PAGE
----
Following helpful safety advice is always good for your health. This is particularly true when using Stanley knife blades; which are great tools but need your understanding. Sheffield-based blades supplier Knife-Point have put together a guide to help you stay safe when using Stanley knife blades:
Top quality products, choice of blades and long-lasting tools are some of the many benefits attached to the knives that Knife-Point supply. Swann Morton and Stanley knife blades are just two examples of the countless reputable cutting tools that you can buy from them.
Cut in the Right Way With Stanley Knife Blades
When making a cut on a flat surface, it’s vital that you pull the knife toward you; rather than pushing away in the opposite direction. Again, it’s all to do with remaining in control of the work you’re doing. According to advice on the Stanley website; “a pulling motion is stronger and more positive than pushing the knife away from you and the knife is less likely to slip.”
Don’t Leave the Sharp Blade Out
It may sound simple but plenty of people have been hurt simply because they’ve not remembered to draw the blade back into its handle after use. If you leave it showing, someone could easily be cut; so this is advice that’s well worth making part of your routine when using any sort of blade.
Locking Replaced Blades
First and foremost, it’s essential that you ensure that replacement blades are locked into place when it comes to changing your Stanley knife blades. As long as you fasten the sharp end to the handle, you’ll be able to ensure total control over the job that you’re carrying out.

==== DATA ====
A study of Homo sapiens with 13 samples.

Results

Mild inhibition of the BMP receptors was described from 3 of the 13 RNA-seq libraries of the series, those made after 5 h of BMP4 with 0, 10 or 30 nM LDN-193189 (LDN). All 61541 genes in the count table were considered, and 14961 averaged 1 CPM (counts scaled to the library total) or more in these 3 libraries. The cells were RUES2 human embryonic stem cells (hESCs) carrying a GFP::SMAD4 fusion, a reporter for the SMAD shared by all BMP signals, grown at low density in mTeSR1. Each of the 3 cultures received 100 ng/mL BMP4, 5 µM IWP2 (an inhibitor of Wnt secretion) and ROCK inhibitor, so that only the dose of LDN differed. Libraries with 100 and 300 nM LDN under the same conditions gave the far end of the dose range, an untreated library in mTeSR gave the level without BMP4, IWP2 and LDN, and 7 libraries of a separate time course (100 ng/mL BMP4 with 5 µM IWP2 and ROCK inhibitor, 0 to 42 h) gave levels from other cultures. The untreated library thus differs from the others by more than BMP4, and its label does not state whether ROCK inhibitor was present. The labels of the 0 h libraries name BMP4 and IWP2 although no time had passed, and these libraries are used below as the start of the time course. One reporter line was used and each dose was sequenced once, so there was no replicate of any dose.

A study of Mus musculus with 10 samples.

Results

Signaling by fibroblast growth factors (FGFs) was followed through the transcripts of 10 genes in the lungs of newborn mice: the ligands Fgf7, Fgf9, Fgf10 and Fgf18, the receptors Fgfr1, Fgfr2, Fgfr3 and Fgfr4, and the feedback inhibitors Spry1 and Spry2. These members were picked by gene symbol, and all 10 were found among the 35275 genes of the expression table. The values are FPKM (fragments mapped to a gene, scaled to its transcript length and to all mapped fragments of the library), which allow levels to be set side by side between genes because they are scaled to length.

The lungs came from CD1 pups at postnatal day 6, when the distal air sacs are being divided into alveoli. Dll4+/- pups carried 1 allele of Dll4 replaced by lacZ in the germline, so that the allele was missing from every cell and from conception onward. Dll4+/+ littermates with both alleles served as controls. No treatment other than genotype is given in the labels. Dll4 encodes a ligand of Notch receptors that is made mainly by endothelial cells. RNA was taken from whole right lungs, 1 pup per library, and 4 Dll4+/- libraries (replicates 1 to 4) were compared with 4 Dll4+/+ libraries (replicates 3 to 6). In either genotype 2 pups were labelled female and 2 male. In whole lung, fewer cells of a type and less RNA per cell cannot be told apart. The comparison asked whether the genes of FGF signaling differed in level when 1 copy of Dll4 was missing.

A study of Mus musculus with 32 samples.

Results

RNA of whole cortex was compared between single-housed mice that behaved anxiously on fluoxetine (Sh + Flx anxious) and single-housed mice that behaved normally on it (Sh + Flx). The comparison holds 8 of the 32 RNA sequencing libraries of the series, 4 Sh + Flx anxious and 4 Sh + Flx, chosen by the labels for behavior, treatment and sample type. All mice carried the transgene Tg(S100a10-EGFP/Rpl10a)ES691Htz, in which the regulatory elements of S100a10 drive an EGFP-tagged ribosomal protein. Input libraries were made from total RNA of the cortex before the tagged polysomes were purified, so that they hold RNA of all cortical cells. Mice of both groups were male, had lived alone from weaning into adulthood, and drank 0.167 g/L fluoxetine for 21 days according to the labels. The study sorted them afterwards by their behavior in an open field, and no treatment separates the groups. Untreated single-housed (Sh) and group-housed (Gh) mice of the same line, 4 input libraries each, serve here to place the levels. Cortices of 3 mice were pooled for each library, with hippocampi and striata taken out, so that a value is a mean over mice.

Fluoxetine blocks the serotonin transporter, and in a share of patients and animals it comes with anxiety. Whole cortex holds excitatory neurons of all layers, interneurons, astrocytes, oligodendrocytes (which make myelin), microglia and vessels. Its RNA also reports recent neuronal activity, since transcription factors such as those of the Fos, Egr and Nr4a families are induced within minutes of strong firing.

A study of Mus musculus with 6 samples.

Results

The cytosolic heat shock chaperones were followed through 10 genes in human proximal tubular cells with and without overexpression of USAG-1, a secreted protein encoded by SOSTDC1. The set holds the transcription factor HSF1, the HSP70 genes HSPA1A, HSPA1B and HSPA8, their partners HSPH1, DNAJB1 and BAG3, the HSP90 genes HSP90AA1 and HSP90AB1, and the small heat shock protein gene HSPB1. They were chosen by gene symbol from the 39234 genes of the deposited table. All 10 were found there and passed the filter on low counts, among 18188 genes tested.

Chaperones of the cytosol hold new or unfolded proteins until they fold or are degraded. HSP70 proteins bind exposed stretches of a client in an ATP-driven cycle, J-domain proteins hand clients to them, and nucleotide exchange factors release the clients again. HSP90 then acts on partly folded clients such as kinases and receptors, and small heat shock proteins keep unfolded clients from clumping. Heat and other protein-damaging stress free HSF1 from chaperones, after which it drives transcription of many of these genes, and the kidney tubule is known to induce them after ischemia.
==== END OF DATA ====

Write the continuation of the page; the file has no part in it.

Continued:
Watch Your Position
Another useful tip is to kneel or stand to one side of the line of the cut you are making. This advice should be applied when you’re making cuts on a surface below you.
Take Extra Care with New Blades
A worn blade can spell trouble. If you’ve not changed your existing blades for a long time, you’re running the risk of slippage during implementation. By frequently changing your tools, this problem can be avoided to guarantee that you remain in total control. If the blade is tearing rather than cutting, it needs replacing. Don’t Rush, Take Your Time
If you’re in a rush, it can be tempting to speed through the work that you’re carrying out. It’s always more important that you take your time; particularly when it comes to cutting thicker materials. Show patience and cut deeper into the material with each pass.